We love hearing from our customers, and were intrigued when we received an email from Paul Bolain in the USA who had recently purchased some of our sunshine recorder cards. Paul had actually made his own sunshine recorder and we had the opportunity to quiz him on just how he did it. Find out more in our interview with Paul below.
For our UK readers who might not be familiar with the geography of the United States, can you briefly tell us where you live and what the climate of your local area is like?
I live in the state of Oklahoma, in the centre of the United States of America. It is in an area known as Tornado Alley which naturally makes everyone living here very weather aware.
Have you always been passionate about the weather?
Yes - I am actually a retired government surveyor and was accustomed to making weather observations while taking survey measurements. Survey measurements can be greatly affected by local weather conditions so it was always something I monitored.
Where did the idea come from to make your own sunshine recorder?
While looking at the Atlas Obscura website I saw an article about the Campbell Stokes Sunshine Recorder. I wondered why I had never heard of such a thing, so I started researching it online and found lots of information and photos. The history of this meteorological item was so intriguing. There are many lessons to be learned from these little machines. When I found out the cost of these instruments, though, although justified, I realised it was more than many schools could afford. Used models are very rare, so I set about trying to make one that was affordable and could be used in education.
Helping schools access traditional meteorological equipment is a fantastic cause, and one we can all get onboard with!
Indeed! Sunshine recorders are traditionally made entirely of heavy machined metal parts and are meant to be permanently mounted on a pillar outdoors. The recording cards are replaced daily, and this isn’t always practical for a school. For those wanting just to experience how the instrument works, something lighter that can be brought indoors after daylight hours to prevent vandalism or theft would be ideal. This is also more cost-effective for institutions that may only use it a few times a year. I believe that these little instruments could provide great insight for science or physics teachers who are teaching classes explaining the relationships between the sun and the earth.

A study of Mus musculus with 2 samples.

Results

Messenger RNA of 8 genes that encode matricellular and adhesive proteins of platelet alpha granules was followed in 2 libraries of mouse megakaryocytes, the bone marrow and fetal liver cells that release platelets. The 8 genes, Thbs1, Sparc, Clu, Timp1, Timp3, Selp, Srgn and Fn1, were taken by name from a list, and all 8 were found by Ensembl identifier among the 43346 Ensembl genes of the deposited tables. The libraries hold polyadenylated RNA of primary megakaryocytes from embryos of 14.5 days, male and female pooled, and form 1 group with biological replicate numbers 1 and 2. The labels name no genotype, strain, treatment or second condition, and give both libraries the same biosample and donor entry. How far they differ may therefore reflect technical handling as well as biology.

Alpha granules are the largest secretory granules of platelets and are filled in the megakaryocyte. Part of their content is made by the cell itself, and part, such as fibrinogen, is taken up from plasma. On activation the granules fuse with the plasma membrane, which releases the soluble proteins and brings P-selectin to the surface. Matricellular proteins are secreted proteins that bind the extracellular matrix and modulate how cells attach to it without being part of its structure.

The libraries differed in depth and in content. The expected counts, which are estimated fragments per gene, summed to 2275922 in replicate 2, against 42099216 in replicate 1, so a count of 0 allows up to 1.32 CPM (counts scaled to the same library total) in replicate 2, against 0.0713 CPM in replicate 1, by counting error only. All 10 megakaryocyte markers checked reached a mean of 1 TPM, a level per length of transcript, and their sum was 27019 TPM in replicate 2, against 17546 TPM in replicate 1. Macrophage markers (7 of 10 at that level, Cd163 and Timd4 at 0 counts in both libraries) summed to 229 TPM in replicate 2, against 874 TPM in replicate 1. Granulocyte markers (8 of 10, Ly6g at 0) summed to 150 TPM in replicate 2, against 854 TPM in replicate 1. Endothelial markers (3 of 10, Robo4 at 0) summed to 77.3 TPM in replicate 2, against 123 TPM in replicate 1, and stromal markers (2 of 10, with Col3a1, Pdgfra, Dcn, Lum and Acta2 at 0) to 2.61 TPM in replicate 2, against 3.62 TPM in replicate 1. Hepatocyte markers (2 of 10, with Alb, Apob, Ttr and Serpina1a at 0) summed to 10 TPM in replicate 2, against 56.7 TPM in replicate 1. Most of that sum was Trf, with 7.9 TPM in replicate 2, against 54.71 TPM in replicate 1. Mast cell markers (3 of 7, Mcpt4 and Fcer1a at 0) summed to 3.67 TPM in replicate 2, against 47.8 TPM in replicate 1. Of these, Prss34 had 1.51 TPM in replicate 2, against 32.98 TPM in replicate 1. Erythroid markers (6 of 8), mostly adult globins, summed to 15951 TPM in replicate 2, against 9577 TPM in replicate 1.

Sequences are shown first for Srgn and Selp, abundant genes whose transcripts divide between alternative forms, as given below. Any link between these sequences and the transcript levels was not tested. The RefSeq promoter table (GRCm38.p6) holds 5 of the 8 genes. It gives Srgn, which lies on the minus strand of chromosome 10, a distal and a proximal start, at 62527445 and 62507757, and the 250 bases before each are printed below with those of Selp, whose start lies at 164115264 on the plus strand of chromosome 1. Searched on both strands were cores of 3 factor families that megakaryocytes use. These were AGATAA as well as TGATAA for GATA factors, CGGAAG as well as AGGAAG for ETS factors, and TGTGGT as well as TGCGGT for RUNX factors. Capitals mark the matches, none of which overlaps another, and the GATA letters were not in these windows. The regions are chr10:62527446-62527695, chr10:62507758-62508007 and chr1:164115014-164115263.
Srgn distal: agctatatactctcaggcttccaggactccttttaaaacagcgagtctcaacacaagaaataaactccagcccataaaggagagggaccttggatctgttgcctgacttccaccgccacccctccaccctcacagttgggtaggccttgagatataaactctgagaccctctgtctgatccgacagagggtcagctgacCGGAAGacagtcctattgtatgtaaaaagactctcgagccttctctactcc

Where did you source the materials for your project, and how much did they cost?
The first task was to find an optically correct crystal ball. I ordered one from Phoenix Orion Fine Gifts in Florida (a 4-inch diameter). Two days and $29.95 later I was holding a crystal ball. Next was the most difficult part: making the bowl to hold the recording card. I’m not a metallurgist by any means so I started looking for a metal sphere. With the ball being 4-inch diameter and the focal length of a sphere being one half the radius, the metal sphere needed to be 6-inch diameter. First to mind was a globe but I had no luck. I eventually I stumbled upon a copper float used in toilets which set me back $30.11. I also ordered threaded brass inserts, a small compass and bullseye bubbles. They were very inexpensive and I fixed to the base plate to plumb the instrument and align it to True North.
We’re particularly intrigued by the copper toilet float, what a fantastic idea!
The toilet float worked perfectly. If you cut two ends, then slice diagonally through the ring you end up with two copper bowls. Once all the pieces are assembled it's just a matter of attaching the recording card to the bowl using clips. I then took my instrument outside to a location free of sun obstructions, put the instrument on sturdy footing, aligned the base to North-South, plumbed the base, and watched the recording card as it burnt.
Do you have an engineering background?
I am a retired government surveyor, although my skill level of woodworking is about a two out of ten, so anyone can make one of these!
What is next on your list of DIY weather projects?
Whatever I make next will probably not be as much of a challenge as this turned out to be!
A big thank you to Paul for sharing his creation with us. He has kindly also passed on more detailed measurements. If you would like more information, email us at email@example.com. If you do undertake a similar project, we’d love to hear about your progress, and do take a look at our sunshine recorder cards for your instrument here.
For those not quite adventurous enough to take on a project of this scale, take a look at our Campbell Stokes Sunshine Recorder, manufactured to the British Meteorological Office’s specification.
Comments will be approved before appearing.
It may be windy at the moment but one of the greatest storms of all time occurred in March 1891. Read on to find out more about the Great Blizzard.
Weather Eye editor Ian Currie looks back to The Great Smog of December 6th–9th 1952 and the resulting Clean Air Act of 1956.